Fallow Periods

You can’t write the ending of the story of the your life before you’ve started that story.

You can’t give up on yourself at any point in your life regardless of whether or not you’ve achieved the things you wanted to by that point.

It’s entirely possible to live to 75 or 80 years old if you exercise, eat right, limit alcohol intake and don’t smoke cigarettes and don’t use street drugs. The chance of a woman living to 85 years old shoots up 74 percent if she follows this advice.

Adopting a healthy lifestyle enables you to have “life in your years” no matter the number of “years in your life.”

I tell readers not to give up because we don’t have a crystal ball to predict the future. And where we are today in our lives doesn’t determine where we’ll be in the future. The road in recovery and the road to success isn’t straight and narrow and doesn’t run a predictable course. Our lives are often long and winding to get to where we want to be.

Have faith that things can change if only you change your perception of what you can do.

I continue here from the last blog entry because I know positive change is possible no matter how old you are, no matter what your “thing” in life is, and no matter what happened to you in the past.

The secret to my success is that I wouldn’t be defeated. Even when I failed, I wasn’t down for the count because I realized I could do something differently to achieve my goal or I could change the goal I had to one that was better and could be achieved.

Is it possible most people get defeated and give up when they fail? If that sounds like you, you can change your tactic. This involves not giving yourself a restrictive deadline by which to achieve a goal. It involves setting goals to achieve things in your life that are consistent with your priorities, your values, and who you are. Acting false to yourself to get ahead in life will cause ill health.

You might ask how do I know the tide can turn in a person’s life at any point in time?

Here’s the proof:

Ever since I was a teenager, I did some kind of exercise. Starting with simple exercises I did on the floor in my bedroom. Then at various gyms from the time I was 27 to the time I was 34. I turned 39 and joined the current gym yet only did the treadmill, Zumba or Pilates for about 4 years.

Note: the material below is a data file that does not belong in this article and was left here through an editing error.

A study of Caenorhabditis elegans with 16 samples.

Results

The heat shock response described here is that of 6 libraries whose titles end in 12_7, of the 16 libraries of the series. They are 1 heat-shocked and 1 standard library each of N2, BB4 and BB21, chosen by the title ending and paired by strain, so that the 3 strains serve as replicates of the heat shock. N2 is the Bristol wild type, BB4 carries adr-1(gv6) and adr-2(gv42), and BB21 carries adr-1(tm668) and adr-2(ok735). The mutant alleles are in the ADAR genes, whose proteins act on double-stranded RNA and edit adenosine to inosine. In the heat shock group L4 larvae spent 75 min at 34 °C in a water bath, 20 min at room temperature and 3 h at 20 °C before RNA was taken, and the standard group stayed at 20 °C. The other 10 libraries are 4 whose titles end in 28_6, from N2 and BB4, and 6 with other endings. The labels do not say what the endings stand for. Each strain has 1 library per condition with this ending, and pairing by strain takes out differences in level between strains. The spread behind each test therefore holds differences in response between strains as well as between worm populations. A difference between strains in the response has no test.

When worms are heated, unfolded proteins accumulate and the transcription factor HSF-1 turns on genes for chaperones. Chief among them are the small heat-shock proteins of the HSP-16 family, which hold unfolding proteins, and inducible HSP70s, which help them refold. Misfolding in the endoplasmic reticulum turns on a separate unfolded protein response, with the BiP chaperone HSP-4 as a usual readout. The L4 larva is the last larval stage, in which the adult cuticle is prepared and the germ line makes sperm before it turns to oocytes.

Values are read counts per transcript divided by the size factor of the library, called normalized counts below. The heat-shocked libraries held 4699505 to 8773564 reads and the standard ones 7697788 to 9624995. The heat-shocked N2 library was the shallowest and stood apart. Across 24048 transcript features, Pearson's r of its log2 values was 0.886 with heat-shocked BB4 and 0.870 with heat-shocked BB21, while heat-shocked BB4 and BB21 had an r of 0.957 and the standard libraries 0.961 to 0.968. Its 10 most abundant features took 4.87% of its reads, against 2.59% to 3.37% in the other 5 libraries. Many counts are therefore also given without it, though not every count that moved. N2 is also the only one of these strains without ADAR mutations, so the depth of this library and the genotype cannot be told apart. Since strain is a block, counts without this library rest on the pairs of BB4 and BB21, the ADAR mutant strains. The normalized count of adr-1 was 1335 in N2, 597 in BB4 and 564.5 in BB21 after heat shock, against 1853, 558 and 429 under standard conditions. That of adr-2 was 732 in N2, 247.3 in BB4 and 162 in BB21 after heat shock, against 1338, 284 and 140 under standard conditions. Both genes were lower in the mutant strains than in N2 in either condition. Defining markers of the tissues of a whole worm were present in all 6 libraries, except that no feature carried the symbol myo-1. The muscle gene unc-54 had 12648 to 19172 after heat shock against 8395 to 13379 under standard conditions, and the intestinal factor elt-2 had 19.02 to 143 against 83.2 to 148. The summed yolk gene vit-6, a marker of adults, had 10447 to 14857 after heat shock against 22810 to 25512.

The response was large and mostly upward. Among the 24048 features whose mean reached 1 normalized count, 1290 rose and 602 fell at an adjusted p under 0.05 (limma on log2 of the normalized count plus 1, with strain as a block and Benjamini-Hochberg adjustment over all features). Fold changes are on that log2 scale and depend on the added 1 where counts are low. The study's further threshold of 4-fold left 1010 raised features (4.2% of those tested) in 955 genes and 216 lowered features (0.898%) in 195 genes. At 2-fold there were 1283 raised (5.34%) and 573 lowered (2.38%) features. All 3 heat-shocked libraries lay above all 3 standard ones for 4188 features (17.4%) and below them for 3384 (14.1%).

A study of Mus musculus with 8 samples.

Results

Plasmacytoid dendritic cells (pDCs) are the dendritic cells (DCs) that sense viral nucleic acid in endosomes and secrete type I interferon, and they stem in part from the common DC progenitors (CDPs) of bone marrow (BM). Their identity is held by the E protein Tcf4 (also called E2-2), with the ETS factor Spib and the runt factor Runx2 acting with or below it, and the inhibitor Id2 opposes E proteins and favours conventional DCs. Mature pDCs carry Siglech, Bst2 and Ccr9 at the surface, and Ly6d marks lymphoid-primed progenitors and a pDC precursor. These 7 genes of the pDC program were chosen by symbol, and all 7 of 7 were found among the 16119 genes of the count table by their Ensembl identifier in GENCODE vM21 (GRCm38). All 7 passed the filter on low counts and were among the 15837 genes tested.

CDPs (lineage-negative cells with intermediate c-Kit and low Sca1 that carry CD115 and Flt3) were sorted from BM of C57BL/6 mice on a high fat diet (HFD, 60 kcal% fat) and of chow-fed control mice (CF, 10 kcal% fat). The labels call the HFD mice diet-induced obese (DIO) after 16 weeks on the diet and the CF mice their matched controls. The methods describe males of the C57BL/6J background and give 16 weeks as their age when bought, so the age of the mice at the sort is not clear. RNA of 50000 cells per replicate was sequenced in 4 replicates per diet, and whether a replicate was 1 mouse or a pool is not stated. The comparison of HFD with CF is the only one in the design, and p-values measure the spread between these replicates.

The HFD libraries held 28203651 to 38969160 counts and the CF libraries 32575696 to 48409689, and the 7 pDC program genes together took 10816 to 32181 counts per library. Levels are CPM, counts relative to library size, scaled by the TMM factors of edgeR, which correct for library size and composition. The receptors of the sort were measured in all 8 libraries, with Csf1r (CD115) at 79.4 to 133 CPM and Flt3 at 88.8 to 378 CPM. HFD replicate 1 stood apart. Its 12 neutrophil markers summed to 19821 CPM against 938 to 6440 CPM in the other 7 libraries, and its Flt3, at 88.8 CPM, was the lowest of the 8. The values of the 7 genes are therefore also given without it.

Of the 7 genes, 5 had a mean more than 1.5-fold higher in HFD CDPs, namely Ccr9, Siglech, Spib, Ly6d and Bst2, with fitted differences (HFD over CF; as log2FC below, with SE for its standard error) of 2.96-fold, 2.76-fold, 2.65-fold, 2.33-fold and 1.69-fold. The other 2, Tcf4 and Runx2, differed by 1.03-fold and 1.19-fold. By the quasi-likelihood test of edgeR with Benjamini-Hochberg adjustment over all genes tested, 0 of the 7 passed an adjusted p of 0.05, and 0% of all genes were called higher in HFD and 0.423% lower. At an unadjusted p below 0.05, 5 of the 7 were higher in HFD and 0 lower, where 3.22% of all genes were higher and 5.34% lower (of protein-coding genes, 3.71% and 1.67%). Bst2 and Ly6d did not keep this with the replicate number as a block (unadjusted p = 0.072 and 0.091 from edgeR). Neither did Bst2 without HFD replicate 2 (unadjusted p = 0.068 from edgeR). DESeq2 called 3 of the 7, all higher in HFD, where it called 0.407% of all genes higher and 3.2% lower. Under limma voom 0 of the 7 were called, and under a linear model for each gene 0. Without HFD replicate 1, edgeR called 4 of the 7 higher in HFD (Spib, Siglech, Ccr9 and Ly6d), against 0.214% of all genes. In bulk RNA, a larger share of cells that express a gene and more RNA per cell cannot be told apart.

At 45 going into 46, I suddenly decided I had to do strength training. It wasn’t until I was 45 years old that I became a hardcore fitness buff.

This is proof that things can change for the better at any point in a person’s life. From 39 to 44, I did the treadmill, Zumba or Pilates sporadically. Then, for about a year, I didn’t exercise.

Then, bingo, at 45 I started to power lift. Within one year of training, I dropped one pant size. That’s not the point. The point is you might have been a couch potato. You might be at a point in your life where it’s inconceivable that you can get there from here. It might seem like it’s impossible to do what you want to do because you don’t __________________ (fill in the blank) or you haven’t ever _______________(fill in the blank) done this thing before.

Bollocks. You can do these things, no matter whether you’ve done them before or whether your fallow period has lasted years and years instead of just three weeks or three months.

Fallow periods are necessary. Woodshedding is necessary and I talked about this in the first couple of blog entries here.

I’ll end here by telling readers how to get the faith that you can turn things around at any point in your life.

You take action in your mind when you’re not able to take action in your life. You write down a 5-year plan and list in detail what you want to achieve. You refer to the plan as often as you need to. If you can’t tackle your ultimate goal right now, you tackle a goal you can absolutely positively achieve instead.

Starting with a simple goal and achieving it can give you the confidence to achieve a goal that’s slightly beyond your reach.

This involves taking action every day in the direction of your dream(s). This “action” can be as simple as reading books on the topic. It can be as simple as reading about how successful people got to where they are in life. It can involve doing nothing when you’ve reached a plateau and then one day getting so upset with doing nothing that you take action.

I went to library school with a woman who was in her early seventies. At a time in her life when most people are slowing down, she decided to obtain a Masters degree.

Take a tip from this woman: it’s not ever too late to change your life for the better.

That’s where the story begins: where you are today. And today isn’t the end of your life, even if you’re 35 or 50 or 65.

Trust me, everyone feels like they’ve failed at some point. Even a 22 year old woman can feel like she hasn’t achieved anything even though she has the rest of her life ahead of her

I’ll end here by telling you to think differently.

Envision having a better life. Know that you’re in the driver’s seat even when you have to make a pit stop or take a detour. As hard as life can get, always keep in your mind your vision of your life’s purpose.

Refrain from writing the ending of your story before you’ve even started the narrative.


Christina Bruni is the author of the critically acclaimed memoir Left of the Dial. She owns a resume writing and career help business. She contributed a chapter "Recovery is Within Reach" to Benessere Psicologico: Contemporary Thought on Italian American Mental Health. As well as an author and activist, Bruni is an artist and a fitness buff.